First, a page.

Book review: Complex characters navigate post-Civil War Gulf Coast in ‘The Outcasts’

Posted Sunday, Sep. 22, 2013  comments  Print Reprints
The Outcasts by Kathleen Kent Little, Brown and Co., $26 Audiobook: Little, Brown and Co., $30; read by Ellen Archer. * * *  Meet the author Kathleen Kent will sign copies of The Outcasts at 7 p.m. Tuesday at the Dallas Barnes & Noble, 7700 W. Northwest Hwy.; 214-739-1124.


Bestselling author Kathleen Kent exploits all three in her latest historical fiction novel, The Outcasts.

Kent, who ventured to Puritan New England with her historical fiction offerings The Heretic’s Daughter and The Traitor’s Wife, leads readers through the post-Civil War Gulf Coast in this offering.

Kent introduces readers to a couple of Southerners who want the reader in their corner. They are presented in situations that play on readers’ empathy, curiosity and high expectations. But there are two sides to every story, and the truth is somewhere in the middle.

Lucinda Carter is a troubled woman with a secret, whom the reader meets as she’s fleeing a Fort Worth brothel and Hell’s Half Acre with a pouch full of stolen money. She is off to meet up with her lover, who has a plan to make them rich by finding the rumored buried gold of Jean Lafitte. If she can see the plan through what seems like impossible odds, she’ll finally have the life she has always dreamed of.

Newly sworn-in Texas state policeman Nate Cannon is on the hunt for thieving murderer William McGill. Nate is honest, fair and somewhat naive. These traits do not initially serve him well as he travels the Gulf Coast with experienced rangers Tom Goddard, known as Dr. Tom for the one year he spent in medical school back east, and George Deerling, who’s testy and stoic. Nate writes to his wife: “I fear their years on the borderlands have made them at times ... hasty.”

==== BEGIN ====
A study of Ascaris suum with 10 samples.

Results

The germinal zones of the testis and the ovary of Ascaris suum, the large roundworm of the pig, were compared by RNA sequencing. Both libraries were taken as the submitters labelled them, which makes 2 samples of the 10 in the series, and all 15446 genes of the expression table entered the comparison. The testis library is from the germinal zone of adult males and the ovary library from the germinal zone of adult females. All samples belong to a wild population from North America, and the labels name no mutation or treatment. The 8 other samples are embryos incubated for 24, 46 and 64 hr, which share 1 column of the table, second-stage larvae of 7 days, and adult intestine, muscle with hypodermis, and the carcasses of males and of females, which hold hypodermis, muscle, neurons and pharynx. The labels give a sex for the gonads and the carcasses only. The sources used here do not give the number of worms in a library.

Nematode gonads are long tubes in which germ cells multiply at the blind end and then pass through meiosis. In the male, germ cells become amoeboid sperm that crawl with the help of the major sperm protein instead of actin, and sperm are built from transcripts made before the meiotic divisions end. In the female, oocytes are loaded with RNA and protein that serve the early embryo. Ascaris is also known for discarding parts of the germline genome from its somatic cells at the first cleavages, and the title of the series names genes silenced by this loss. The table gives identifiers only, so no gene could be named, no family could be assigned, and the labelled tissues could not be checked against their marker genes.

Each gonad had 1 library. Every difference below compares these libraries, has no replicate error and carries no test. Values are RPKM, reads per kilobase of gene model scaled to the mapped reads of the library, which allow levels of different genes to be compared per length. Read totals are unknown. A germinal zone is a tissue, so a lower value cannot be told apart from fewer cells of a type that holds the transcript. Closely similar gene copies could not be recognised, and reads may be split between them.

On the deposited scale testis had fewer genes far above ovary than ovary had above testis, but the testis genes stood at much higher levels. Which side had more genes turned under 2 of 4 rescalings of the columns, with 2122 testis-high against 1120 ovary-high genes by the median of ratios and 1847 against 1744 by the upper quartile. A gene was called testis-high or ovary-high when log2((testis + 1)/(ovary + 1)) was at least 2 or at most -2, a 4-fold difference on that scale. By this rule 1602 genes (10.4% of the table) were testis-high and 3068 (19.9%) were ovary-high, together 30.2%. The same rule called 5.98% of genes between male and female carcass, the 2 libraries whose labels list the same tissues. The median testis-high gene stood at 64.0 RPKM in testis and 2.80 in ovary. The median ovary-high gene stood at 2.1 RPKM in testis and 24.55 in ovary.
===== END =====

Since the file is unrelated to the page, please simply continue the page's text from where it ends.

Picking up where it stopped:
The minor characters, the likes of barkeeps, madams, crooked sheriffs and small-town families, are the real treasures of The Outcasts. In Middle Bayou, the townsfolk both irritate and endear themselves to Lucinda. They are full of surprises. In Galveston and later in colorful New Orleans, quirky characters serve to both scare and aid Nate along his journey.

Lucinda makes her way to Middle Bayou to take a job as a teacher and weave herself into the lives of the Waller and Grant families. She bides her time teaching the three R’s — and geometry, a subject close to her heart — while setting up the scene for her partner in crime. Every deceptive move she makes, she believes will only get her that much closer to the new and better life he has promised her.

Nate’s mission isn’t much easier. He has months on horseback to learn to get along with and understand Dr. Tom and Deerling, as they crisscross the state always one step behind McGill.

Nate endures lessons in constellations, the finer points of firing a rifle and snake handling, as he tries to prove his worth to his partners and himself. We see into his conscience in letters he struggles to compose to his wife back in Oklahoma.

The novel moves smoothly between the two storylines. Kent paints vivid pictures of the wide-open spaces of Texas, the growing small towns and the more contemporary cities of Austin, Galveston and Dallas. Hotels, brothels, businesses and bars line the streets of these cities, and Kent visits every one. The reader gets to travel by horse, boat, carriage and train. Kent’s extensive research is showcased in her detailed history and descriptions of the South in the late 19th century.

When Lucinda’s and Nate’s paths finally cross, there is sorrow and hope. But who’s right and who’s wrong? Who can come out of this story and have a happily ever after? Who’s the real villain and who’s the real victim? Kent’s mastery of historical fiction will leave it up to you.